Published on Wednesday, October 20, 2004 by
SNAFU in Iraq: Situation Normal, All Fancied Up
by Robert Neuwirth
I finally figured it out. I know why President Bush thinks things are rosy in Iraq. It must be because he ignores independent newspaper and television reports and instead turns for his news to articles published by the Defense Department and the Agency for International Development and other entities involved in the work of the Coalition of the Willing.

It’s 7 am on October 15th. I boot up my computer and make my way to the government’s web sites to see what’s been happening in Iraq., the U.S. Department of Defense’s news web site, crows about the transformation of the U.S. military, saluting a readjustment of American might that will "increase U.S. military capability with fewer forces." Another article notes that Iraqi Intervention Forces have seized two vehicles carrying 17 artillery shells, 78 mortars, and 108 anti-tank mines.

I turn to another DoD site, Here, I read about the "fastest gun in the west," a Marine Corps battery battering Falujah. I learn about the overwhelming success of the Army’s GPS mapping system in aiding the occupation. And I read about grateful children welcoming U.S. soldiers into Samarra.

Finally, I click into, a web site maintained by the Project and Contracting Office, the U.S.-sponsored entity that oversees reconstruction efforts in Iraq. Here, I learn that, despite crippling security concerns, American "efforts to improve the quality of life for millions of Iraqis" are "on schedule, on scope and on budget."

Of course, today’s news also includes the shocking story that terrorists penetrated Baghdad’s ‘green zone’—the high security area where the U.S. is based, along with most foreigners and reporters—and detonated bombs that killed five people, including three Americans. That story is on the military’s web sites, too, but it is not the lead item on any of these sites.

It’s like this all the time. Bombs blow up. Terrorists attack police stations. Reconstruction agencies scale back or even pull out. But these corners of the world wide web remain unrelentingly optimistic.

On October 9th, car bombs killed 11 Iraqis, but the military web sites featured a dispatch from an Army Corps of Engineers writer noting that the Iraqi Ministry of Transportation has started rehabilitation work on three train stations in Mosul, Baghdad and Basra. An engineer working on the project said that the work would upgrade track safety and the quality of the rolling stock.

On October 7th, insurgents fired rockets at a hotel in downtown Baghdad, but the web sites were full of good news about Iraqi rebuilding: "The pace of reconstruction projects is picking up," the Armed Forces Press Service crowed in an article titled "Reconstruction Funds Flow Into Iraq, Projects Move Forward."

On September 21st, the same day a Turkish company pulled out of Iraq to prevent abducted employees from being beheaded,, a site promoting business in Iraq, made no mention of the kidnappings, instead reporting that "new pipes buried deep in the walls and floors of the revamped Iraqi airport will soon feed the building with enough clean water for the nearly 4,000 Iraqi laborers that will staff the airport and the thousands of travelers that will soon re-fill the once teaming terminal." [spelling incorrect in original] And the Agency for International Development reported on a new $20 million contract with BearingPoint, a firm based in Virginia, that will "create an environment that promotes private sector-led growth through housing finance reforms and commercial law and institutional reforms," and "increase the capacity of the Iraqi Electricity Industry by helping the industry adopt international best practices and move towards becoming a more commercially [viable] entity and away from State subsidies."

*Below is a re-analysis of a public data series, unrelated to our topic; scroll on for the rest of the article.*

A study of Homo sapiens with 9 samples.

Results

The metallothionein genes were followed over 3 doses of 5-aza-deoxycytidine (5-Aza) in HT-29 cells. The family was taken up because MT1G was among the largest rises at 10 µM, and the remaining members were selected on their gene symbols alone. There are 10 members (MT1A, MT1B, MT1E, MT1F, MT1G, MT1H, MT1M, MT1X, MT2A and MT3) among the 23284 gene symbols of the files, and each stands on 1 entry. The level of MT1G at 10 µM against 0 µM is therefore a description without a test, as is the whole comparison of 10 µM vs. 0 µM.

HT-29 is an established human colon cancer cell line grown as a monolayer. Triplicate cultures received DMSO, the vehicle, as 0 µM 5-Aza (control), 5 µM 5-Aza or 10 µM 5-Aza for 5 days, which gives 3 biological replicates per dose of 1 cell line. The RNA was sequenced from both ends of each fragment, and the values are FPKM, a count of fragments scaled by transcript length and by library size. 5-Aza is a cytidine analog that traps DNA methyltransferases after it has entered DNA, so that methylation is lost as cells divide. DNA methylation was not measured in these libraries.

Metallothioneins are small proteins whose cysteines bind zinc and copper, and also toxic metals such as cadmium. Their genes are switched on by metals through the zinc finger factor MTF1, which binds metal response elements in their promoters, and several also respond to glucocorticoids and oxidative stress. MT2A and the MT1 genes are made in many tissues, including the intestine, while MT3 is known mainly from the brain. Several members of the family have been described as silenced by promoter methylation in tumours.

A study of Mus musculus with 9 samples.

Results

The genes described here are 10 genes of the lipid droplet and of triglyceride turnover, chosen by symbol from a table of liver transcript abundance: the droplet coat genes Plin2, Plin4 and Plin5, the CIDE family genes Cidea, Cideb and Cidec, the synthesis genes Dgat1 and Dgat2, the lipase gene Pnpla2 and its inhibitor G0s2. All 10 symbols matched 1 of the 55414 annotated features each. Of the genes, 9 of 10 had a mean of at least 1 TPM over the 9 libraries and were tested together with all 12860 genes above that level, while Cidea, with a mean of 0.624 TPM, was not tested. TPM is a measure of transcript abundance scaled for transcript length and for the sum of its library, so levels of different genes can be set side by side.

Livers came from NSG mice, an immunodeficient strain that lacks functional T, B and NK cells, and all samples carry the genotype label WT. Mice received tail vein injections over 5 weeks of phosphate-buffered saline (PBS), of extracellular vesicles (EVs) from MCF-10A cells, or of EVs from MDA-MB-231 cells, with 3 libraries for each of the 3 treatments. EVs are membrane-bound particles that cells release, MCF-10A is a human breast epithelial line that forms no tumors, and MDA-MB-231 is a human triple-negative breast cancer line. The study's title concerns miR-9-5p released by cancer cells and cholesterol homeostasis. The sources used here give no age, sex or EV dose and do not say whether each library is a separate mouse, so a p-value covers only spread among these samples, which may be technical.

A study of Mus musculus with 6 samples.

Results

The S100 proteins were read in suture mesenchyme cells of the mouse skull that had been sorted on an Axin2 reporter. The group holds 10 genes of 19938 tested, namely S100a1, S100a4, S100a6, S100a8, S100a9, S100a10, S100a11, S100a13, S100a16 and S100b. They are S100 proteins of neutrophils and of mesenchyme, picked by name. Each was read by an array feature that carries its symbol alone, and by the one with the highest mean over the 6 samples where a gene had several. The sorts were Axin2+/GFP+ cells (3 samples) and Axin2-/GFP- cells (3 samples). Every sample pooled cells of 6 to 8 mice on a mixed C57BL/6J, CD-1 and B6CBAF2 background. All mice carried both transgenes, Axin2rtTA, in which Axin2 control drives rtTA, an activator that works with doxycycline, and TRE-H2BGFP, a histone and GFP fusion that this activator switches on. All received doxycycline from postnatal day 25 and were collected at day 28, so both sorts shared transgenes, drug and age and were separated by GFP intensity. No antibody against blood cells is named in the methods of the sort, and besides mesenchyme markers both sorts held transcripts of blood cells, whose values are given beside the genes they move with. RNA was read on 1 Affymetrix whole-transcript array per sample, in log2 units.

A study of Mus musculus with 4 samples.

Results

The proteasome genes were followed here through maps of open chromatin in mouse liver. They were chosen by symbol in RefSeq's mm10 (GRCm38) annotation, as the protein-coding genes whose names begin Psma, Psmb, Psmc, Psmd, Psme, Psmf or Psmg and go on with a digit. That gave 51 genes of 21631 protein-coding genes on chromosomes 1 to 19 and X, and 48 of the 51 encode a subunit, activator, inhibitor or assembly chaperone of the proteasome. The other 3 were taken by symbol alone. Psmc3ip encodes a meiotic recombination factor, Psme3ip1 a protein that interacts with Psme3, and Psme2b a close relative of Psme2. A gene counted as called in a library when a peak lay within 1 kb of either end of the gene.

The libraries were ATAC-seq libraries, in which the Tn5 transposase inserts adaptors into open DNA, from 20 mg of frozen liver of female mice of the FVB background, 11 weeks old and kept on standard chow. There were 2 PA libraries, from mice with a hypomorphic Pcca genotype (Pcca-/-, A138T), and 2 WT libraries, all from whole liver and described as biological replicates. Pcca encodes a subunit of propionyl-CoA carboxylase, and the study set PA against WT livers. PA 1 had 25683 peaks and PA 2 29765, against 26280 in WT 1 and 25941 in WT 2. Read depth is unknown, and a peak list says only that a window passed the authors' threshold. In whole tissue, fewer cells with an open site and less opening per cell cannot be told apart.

On September 14th, the U.S. admitted that it was diverting money from reconstruction to security, but, among other stories, the web sites reported this important news: "With more than half a million new jobs created, new industries and new factories, Iraq has experienced a rapid increase in electricity demand. The increase in demand is a good sign of a thriving economy emerging from three decades of isolation."

If he gets his news from these sites, it’s easy to see why the President might believe that freedom is on the march in Iraq, and privatization, too.

Still, there is some bad news lurking around these web pages—but you have to click on the optimistic headline and read a few paragraphs of the story to get to it. Here’s one nugget, from a dispatch datelined "CAMP AL TAHREER, Baghdad, Oct. 14, 2004," noting that, despite the highly-touted weapons buy-back, Moktada al-Sadr’s Mahdi army has not been giving up its weapons.

"The only people that are turning in weapons so far are the people of Sadr City, not the militia," Brigadier General Jeffrey Hammond told the reporter, Sgt. 1st Class Tony Sailer of the 122nd Mobile Public Affairs Detachment. The general explained, "I will only know that we are going in the right direction in the next few days when I see thousands of RPGs (rocket propelled grenade launchers), thousands of bombs, and bomb-making materials being turned in."

The headline for this dispatch: "Weapons Turn-in Only a Start." Here, in the ‘grass is always green zone’ of the Internet, the news from Iraq is indeed a fantasy world of spin.

Robert Neuwirth, a journalist, is the author of Shadow Cities, a book on the squatter communities of the developing world, to be published in December by Routledge.